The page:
ABOVE: Narrabri’s George Scilley, Shaun Thomson and Richard Scilley and a row of headers ready for hopefully a busy harvest.
For some grain growers this year’s crop will be the best they have had for many years, but for others, crops won’t be worth stripping.
Pursehouse Rural Agronomist James Fleming is currently seeing growers at both ends of the spectrum.
“There is patches that will go quite well and other patches that are fast running out of moisture,” he said.
“Some of my clients are having a really good season, while others aren’t having such luck.
“Rain is probably too late for most crops but some that were planted late would benefit.”
The wave of warm weather over the past few days is causing local crops to struggle.
“It really depends on how mature the crop is, for the farmers out west this weather will be effecting quality and quantity of the final crop,” said Mr Fleming.
Another local agronomist, Drew Penberthy, estimates yields could vary widely, with some areas expecting over four tonnes to the hectare, while others could harvest just one tonne to the hectare, or not at all.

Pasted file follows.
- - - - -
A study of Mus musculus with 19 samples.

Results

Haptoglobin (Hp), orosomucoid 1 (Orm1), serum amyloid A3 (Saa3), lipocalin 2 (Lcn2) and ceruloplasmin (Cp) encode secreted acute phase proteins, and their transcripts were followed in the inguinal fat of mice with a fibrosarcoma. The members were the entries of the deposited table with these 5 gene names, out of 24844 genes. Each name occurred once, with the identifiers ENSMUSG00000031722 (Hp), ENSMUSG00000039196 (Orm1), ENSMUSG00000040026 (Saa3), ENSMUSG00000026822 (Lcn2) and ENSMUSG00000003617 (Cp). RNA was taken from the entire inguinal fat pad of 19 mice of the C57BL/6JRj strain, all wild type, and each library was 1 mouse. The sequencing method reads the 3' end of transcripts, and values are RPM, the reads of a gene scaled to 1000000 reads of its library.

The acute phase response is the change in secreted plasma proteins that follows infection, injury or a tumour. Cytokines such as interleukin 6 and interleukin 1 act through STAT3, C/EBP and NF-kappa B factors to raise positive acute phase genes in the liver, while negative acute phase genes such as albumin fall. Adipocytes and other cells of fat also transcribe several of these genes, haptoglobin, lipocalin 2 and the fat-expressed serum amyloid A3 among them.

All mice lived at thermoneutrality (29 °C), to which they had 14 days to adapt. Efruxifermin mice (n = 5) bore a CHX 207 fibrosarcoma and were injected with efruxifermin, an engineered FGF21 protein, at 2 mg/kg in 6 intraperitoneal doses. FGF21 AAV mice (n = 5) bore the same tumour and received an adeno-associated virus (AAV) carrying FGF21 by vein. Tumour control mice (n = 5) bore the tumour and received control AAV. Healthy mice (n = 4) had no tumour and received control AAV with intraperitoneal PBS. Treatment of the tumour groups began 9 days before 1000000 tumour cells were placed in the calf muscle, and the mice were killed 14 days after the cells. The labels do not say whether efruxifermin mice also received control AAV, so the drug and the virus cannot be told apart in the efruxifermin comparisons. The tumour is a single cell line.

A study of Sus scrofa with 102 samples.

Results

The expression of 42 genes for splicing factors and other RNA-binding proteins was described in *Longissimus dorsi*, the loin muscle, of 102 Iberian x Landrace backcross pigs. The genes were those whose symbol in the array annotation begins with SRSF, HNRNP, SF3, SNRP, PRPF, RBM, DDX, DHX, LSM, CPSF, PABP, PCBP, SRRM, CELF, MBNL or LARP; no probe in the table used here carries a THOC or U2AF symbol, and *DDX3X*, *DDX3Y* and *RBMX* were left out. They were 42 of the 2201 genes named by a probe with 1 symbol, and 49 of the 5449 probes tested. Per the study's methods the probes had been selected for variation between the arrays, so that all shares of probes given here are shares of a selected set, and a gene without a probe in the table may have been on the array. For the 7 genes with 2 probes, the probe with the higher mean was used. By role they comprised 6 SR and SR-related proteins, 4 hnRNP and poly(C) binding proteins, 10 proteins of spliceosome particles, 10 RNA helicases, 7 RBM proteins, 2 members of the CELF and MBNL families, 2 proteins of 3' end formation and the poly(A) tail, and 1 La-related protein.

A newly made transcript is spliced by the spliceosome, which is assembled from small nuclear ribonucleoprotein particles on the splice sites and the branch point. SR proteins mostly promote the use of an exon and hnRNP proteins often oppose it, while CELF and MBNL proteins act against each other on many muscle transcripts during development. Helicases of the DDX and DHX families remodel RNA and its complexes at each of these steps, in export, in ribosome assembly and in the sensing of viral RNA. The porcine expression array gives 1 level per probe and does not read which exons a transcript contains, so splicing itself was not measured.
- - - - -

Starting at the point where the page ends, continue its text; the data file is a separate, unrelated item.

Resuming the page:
“There is just massive variation in crops from east to west and much will depend on the warm weather this week,” he said.
Harvest contractor Richard Scilley has been readying his headers, and undertaking repairs and maintenance on several others for local farmers in preparation for the busy harvest.
Richard set off for the north this morning with two headers to harvest a 4000 acre crop for a Talwood client.
“My client reckons it is the best crop he has had for eight or ten years,” said Richard. “He is very happy.”
Richard will be back around Melbourne Cup day with customers waiting to have their wheat crops harvested in this district.
Richard also commented that crops down south appeared to be doing better.
“We went down to Deniliquin and there was crop all the way and it looked quite good.
“Out west they would have liked the season to be a bit better, but in this district prospects are more promising after hard years.”
Harvesting of faba beans has begun and the barley harvest will start in about two weeks. Wheat harvest is expected to be in full swing around Melbourne Cup time.
This year chickpeas are also a big part of the area’s cropping picture.